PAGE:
6th April 2009, 06:06 PM
Hi,

I'm new here and this is my first post :-p

I have a 17 week old tricolour, Charlie and we have one big problem! He can't stand to be locked out of a room when we're in it and he'll whine and scratch at the door. For instance, we've just been to the park and now he's wet and muddy so we've had to lock him in his room on his bed but he won't sit still. He does this all the time, but when we got and leave him in the house alone he's fine. He doesn't chew or make a mess of anything.

Can anyone recommend some help in getting him to stop? I just keep going out every now and then, sitting him on his bed and giving him so love (so he doesn't think he's been bad!)


Other than this he's a gorgeous very well behaved little puppy! :-p

Daisy's Mom
6th April 2009, 06:48 PM
Well, what you have to be careful of is that you are not "rewarding" his whining unintentionally by giving him love whenever he does it. It's easy to fall into that trap because of course we feel bad for them when they are upset. But it sets up the reinforcement pretty quickly in his mind that scratching and whining brings you in the room for loving, but sitting quietly only gets him ignored. It would be much better to reward him during the odd time that he is being quiet, but it's much harder to time those rewards!

Is is room a closed solid door, or is it a baby gate that he can see out of? I would think it would be kind of scary for a young puppy to be closed into a small room where he can't see or hear anyone. I would think a baby gate that he can see through would be preferable.

chloe92us
6th April 2009, 09:11 PM
I have no help for you- my three still do this and *have* to be in the same room with me. That's one of the things with Cavaliers- they have to be with their people.

WoodHaven
6th April 2009, 10:24 PM
My dogs would never understand why they were closed off in another room with no one.
If I were your dog I'd think this (just had the time of my life with my peeps and now I am being punished, wth did they forget me). He is still a pup, he doesn't understand isolation as a necessity. I would just was his muddy butt off and put him in a crate or x-pen where he can see you.

Karlin
6th April 2009, 11:19 PM
I would just was his muddy butt off and put him in a crate or x-pen where he can see you.

Absolutely! Invest in a wire crate so he can easily see out, get a drying coat he can wear if needed. Just rinse off the mud and dry him off with a towel and put him in a crate. :) You can get a cavalier sized crate -- I like the small to medium sized wire crates -- for very little, under 40 pounds. It will be better money spent then on a trainer to help resolve all the anxiety behaviour problems that may well result from locking a dog away. :thmbsup: Cavaliers are not a breed that does well locked away when everyone is home in the house and they know you are there.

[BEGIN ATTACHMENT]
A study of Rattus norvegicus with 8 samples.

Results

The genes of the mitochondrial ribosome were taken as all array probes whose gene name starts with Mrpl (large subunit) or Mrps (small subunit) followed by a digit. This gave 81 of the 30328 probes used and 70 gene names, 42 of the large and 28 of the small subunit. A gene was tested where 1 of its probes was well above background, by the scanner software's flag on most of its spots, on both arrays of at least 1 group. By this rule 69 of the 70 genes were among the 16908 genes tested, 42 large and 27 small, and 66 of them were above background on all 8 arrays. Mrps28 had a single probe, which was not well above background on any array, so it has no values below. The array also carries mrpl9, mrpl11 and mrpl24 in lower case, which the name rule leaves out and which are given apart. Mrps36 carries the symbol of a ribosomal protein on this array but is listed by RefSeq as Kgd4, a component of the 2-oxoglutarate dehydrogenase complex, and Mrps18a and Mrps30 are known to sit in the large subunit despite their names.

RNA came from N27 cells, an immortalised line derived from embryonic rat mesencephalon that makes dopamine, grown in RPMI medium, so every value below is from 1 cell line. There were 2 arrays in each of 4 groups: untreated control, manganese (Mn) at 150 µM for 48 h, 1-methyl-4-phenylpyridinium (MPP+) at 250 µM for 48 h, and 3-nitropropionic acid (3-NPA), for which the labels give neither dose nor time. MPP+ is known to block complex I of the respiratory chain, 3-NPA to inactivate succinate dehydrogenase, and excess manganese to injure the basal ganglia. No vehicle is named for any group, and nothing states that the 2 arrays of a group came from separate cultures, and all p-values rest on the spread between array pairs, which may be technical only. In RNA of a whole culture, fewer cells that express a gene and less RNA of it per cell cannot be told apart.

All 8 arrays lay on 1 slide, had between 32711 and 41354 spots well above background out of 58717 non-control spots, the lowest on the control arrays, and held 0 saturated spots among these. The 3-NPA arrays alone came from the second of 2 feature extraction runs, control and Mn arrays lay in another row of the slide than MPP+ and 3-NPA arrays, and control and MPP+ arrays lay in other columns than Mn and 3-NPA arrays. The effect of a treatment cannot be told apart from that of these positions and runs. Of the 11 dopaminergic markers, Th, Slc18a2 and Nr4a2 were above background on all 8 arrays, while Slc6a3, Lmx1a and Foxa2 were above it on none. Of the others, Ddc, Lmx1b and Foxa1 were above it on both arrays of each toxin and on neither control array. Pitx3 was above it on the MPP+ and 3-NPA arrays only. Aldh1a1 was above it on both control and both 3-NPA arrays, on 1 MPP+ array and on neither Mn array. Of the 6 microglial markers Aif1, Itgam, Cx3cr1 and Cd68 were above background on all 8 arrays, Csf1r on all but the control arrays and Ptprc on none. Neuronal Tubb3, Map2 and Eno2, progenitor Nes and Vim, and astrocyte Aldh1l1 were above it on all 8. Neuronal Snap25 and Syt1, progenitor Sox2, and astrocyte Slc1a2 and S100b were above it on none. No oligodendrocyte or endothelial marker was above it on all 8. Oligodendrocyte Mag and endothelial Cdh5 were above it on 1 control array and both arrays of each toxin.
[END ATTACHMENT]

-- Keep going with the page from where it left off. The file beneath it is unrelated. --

kmatt
7th April 2009, 01:31 AM
It is in the breed standard for a Cavalier to want to be affectionate with you. They love the company of people, but I also understand why you don't want a wet muddy pup trotting around everywhere.

A X-pen is a good idea, or a baby-gate. The most important thing they see is that you haven't forgotten them. Teddy was always extremely afraid of that so I always had to have a baby gate anywhere that I didn't want him to go without closing the door. I wouldn't use a crate if he isn't ready for it. He is probably still in play mode and I like a crate to be peaceful and quite.

maybe the best thing to do is put him in the sink and just rinse, NOT WASH, him off and then towel dry so that he can still be with you and not make a mess!

Best of luck!

brotymo
7th April 2009, 03:34 AM
I agree with the xpen or crate or gate the door you want him behind instead of having a barrier he can't see thru.
You might want to also make the times he spends in the xpen or crate a time that he gets a kong filled with yummies or a chewy bone. He will begin to look forward to that time.